Right-Wing Disunity? Clashes at This Year's Conservative Political Action Conference
He warned against what he called "multiculturalism on steroids," which, he said, imperils "the definitive American culture." He continued, "When tolerance becomes a one-way street, it leads to cultural suicide."
West was initially considered a long shot in his race against incumbent Democrat Ron Johnson. Backed by the Tea Party movement, West rose to prominence with his in-your-face, often accusatory rhetoric -- aimed even at his fans -- and the right's producerist theme. At an October campaign appearance (video), West told cheering supporters, "In America today, you've got a class warfare that's going on. You've got a producing class and you've got an entitlement class...."
"These people are living amongst us," West explained during his campaign appearance, "and if we are not willing to take a stand right now, and take this country back, and put it back on the right track of the principles and values it was established upon, you're complicit." Pointing at people in the audience, he added, "It's your fault, it's your fault, it's your fault up there. It's okay to come in here to cheerlead, but you better understand that it's a fight, and you better be willing to fight for this country."
That was then; this is now. No pointing at the CPAC audience. Still, even after winning a seat in Congress, West appears to require a sense of being embattled in order to maintain the defiant stance that got him elected. And so tonight at CPAC he mentioned Politico's rating of his seat as "vulnerable" to Democratic challenge, and won the crowd by saying, "Standing here before each and every one of you, I don't feel so vulnerable."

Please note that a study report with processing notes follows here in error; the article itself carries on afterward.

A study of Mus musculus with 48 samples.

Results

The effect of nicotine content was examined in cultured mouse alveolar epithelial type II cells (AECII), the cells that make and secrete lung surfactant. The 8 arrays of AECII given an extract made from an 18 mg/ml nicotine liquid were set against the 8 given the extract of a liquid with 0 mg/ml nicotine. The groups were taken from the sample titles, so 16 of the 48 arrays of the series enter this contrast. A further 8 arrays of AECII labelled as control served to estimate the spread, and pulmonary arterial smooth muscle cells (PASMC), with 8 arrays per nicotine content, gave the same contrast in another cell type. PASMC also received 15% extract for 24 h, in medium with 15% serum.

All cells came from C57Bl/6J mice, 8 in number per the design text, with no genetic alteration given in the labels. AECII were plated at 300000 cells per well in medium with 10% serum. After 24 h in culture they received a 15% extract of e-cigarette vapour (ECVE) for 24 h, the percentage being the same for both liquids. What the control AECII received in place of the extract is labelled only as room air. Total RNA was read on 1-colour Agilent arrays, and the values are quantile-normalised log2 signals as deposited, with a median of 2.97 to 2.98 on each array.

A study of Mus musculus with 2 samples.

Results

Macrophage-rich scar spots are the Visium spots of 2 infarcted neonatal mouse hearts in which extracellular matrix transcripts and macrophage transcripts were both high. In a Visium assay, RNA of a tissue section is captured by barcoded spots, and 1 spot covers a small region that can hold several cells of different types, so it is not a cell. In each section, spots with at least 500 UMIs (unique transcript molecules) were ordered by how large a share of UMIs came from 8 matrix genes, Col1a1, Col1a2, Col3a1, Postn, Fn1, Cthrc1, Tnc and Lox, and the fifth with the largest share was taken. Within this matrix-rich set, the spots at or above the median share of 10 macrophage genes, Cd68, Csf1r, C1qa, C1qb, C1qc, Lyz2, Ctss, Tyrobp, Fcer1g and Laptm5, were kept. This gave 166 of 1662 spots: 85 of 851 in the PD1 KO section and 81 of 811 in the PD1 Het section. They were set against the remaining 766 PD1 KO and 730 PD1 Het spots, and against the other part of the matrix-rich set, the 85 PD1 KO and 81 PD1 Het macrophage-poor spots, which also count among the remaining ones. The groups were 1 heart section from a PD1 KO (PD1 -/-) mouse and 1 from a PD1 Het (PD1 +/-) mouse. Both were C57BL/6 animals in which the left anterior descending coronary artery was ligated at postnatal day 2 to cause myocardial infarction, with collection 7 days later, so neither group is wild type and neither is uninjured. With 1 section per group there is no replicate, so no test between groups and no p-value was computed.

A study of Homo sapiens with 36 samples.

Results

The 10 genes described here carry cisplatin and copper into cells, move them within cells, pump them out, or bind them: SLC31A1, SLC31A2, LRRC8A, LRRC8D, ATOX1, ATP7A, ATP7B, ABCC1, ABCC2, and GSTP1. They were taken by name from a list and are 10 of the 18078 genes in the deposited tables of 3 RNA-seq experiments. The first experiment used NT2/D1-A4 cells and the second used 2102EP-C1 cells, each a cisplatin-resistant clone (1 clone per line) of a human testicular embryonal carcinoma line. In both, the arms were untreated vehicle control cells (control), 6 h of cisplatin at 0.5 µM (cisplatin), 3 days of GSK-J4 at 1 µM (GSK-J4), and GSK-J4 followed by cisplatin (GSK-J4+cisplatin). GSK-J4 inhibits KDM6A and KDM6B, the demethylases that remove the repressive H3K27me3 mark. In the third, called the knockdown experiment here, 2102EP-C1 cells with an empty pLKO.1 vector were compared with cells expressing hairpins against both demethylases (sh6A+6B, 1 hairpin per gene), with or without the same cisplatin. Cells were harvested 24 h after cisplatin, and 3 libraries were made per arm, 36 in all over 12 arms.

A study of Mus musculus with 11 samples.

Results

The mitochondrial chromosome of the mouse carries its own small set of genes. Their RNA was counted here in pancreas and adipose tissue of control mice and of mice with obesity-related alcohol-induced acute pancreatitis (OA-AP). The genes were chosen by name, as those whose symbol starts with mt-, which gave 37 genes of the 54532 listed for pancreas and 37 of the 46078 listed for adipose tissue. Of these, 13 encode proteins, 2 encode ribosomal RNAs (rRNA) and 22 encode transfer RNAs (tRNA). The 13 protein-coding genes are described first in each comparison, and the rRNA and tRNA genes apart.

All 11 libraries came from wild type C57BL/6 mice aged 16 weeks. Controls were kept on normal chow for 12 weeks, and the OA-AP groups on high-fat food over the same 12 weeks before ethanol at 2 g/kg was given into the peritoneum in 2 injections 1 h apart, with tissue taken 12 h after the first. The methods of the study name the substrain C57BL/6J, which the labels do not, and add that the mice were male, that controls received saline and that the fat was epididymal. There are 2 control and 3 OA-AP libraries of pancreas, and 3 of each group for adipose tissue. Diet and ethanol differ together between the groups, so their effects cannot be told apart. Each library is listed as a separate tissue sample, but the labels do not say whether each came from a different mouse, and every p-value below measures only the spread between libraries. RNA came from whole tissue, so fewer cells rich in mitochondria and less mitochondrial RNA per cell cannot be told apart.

He said the "liberal media" would continue to "attack" him, and then dared them to continue. He spoke with pride of having been named a "worst person" five times by former MSNBC host Keith Olbermann. "And he got fired for it," West said, which is something more than an exaggeration. Nevertheless, the CPAC crowd loved him for it. (What's a little lie between patriots?)
West declared that he would "never let Israel down." He spoke of America's "Judeo-Christian culture" and declared himself pro-life, saying, "I don't believe that having a baby is a punishment." He called for a reduction of the corporate tax rate to 20 percent, and for the repeal of the health-care reform law.
It was often difficult to hear West over the roar of the crowd. However defiant his attitude, West's delivery was more measured and less fiery than it was on the campaign trail. He continued to stand by radio talk show host Joyce Kaufman, whom West had named as chief of staff for his congressional office -- until a public outcry convinced him to dismiss her. (Kaufman once called for the hanging of undocumented immigrants who commit crimes.)
West's selection could be seen as a desire by CPAC leaders to prove the inclusiveness of their conference. Just before the results of CPAC's presidential poll were announced, a conference public relations official made the rounds of the media room to let us know that David Keene, the chairman of the CPAC's sponsoring organization, the American Conservative Union, would be available later in the evening to answer reporters' questions. "There will be a press availability after the Herman Cain speech," he said. "Herman Cain?" I asked. Cain had spoken the day before. "Yes," he replied, "after Herman Cain."